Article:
Good fix vs Quick fix [duplicate]

Posted by Andrea Girardi on Programmers See other posts from Programmers or by Andrea Girardi
Published on 2013-11-11T10:54:08Z Indexed on 2013/11/11 16:15 UTC

This is the scenario: two weeks to go live with my project and, one of the developers added a specific method used only for one web application to our framework (Our framework is a bounce of java classes used to extract content from MongoDB, Alfresco, mySql and it's used by web applications). I'm the team leader and I told him to generalize the method to keep the framework to keep reusable but he said "no, I prefer don't do that because there are a lot of bugs that need to be fixed". The manager is agree with him and of course I'm not.

Is it better to made extra effort to keep a framework free from any specific implementation (probably used only by one web application) or just add the methods because it works?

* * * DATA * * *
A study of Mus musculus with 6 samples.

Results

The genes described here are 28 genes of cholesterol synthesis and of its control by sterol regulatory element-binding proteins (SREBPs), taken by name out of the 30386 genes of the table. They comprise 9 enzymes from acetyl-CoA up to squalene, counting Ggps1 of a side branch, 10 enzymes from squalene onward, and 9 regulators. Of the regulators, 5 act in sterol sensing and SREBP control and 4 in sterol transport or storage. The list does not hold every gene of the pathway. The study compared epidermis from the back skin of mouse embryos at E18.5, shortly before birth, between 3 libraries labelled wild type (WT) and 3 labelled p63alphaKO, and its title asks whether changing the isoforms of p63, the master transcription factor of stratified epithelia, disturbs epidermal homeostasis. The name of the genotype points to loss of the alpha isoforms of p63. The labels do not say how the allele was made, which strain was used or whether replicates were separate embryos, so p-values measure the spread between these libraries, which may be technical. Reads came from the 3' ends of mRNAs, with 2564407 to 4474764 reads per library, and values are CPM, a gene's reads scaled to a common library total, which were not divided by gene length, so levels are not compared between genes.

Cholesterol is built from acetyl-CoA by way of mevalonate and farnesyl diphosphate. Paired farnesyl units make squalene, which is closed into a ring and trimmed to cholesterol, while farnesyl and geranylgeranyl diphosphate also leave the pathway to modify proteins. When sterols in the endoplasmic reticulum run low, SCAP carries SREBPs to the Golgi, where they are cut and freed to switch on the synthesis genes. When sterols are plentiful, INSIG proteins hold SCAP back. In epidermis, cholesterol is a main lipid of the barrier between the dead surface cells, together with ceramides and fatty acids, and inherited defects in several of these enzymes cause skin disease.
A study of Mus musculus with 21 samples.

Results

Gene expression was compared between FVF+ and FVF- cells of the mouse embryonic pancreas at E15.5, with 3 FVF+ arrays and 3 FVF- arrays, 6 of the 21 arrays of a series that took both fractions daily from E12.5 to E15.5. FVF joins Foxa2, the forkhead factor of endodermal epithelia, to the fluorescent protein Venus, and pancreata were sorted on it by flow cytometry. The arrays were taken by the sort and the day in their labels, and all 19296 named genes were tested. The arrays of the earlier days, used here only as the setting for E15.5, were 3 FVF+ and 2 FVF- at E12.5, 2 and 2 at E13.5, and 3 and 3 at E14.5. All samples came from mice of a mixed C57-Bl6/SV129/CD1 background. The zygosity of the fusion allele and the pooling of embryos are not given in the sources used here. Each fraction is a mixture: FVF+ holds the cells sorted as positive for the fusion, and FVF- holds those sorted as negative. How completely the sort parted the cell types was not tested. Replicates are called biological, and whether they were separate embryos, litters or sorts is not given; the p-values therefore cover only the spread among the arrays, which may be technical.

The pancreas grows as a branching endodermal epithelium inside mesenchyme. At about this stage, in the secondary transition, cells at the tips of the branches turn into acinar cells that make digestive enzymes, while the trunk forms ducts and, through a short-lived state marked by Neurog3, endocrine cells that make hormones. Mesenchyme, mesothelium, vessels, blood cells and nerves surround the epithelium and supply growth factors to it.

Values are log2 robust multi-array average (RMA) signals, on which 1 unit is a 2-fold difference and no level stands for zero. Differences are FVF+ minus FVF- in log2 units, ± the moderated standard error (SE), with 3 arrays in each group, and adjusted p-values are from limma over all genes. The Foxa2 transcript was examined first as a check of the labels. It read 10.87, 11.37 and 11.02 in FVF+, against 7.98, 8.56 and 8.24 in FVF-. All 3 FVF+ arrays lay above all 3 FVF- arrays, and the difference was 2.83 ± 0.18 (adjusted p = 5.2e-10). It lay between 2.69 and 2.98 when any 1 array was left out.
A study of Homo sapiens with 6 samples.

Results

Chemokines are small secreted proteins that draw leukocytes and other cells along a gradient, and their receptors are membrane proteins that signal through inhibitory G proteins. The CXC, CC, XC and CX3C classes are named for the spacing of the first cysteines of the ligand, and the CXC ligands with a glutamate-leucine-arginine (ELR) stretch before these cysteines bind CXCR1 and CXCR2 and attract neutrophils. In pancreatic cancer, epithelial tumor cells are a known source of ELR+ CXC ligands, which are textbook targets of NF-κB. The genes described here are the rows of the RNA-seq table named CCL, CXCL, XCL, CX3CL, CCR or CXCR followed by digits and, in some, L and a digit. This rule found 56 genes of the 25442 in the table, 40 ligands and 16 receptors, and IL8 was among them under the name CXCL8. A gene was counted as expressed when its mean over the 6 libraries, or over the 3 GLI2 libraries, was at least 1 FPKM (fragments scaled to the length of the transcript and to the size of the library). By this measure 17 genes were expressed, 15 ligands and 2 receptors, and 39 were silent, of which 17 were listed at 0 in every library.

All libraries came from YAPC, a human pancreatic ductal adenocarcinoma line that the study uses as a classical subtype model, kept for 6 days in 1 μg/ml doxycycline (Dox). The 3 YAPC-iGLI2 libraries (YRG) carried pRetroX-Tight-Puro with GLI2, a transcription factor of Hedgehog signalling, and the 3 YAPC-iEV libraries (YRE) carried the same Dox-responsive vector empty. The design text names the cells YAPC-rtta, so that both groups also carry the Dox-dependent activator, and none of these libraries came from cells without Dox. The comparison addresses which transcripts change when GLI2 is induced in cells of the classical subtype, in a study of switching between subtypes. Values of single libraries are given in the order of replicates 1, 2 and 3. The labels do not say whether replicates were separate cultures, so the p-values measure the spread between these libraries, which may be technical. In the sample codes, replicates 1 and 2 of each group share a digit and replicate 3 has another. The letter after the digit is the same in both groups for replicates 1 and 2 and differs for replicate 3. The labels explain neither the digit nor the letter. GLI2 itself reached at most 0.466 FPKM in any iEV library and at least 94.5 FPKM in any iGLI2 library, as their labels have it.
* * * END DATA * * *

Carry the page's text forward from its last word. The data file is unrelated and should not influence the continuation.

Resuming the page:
So, my question is: is it correct to write code that only works or is better to write code that works but it doesn't sucks (i.e. adding embedded value, specific methods, extra classes, add column to database, etc)? How is it possible to justify the extra time (to be honest, this kind of fix requires 10 minutes extra to write a good generic code) to the management? How is possible to argue it's the right way to write code to young developers and PM? in general, good fix or quick fix?

Ah, 10 minutes after I get the email from PM, he asked me why on a url of application 2 there was the name of application 1 during the login?

I like to quote Jeff Atwood: "Don't leave "broken windows" (bad designs, wrong decisions, or poor code) unrepaired. Fix each one as soon as it is discovered. "

Excerpt From: Hyperink. "How-To-Stop-Sucking-And-Be-Awesome-Instead." iBooks.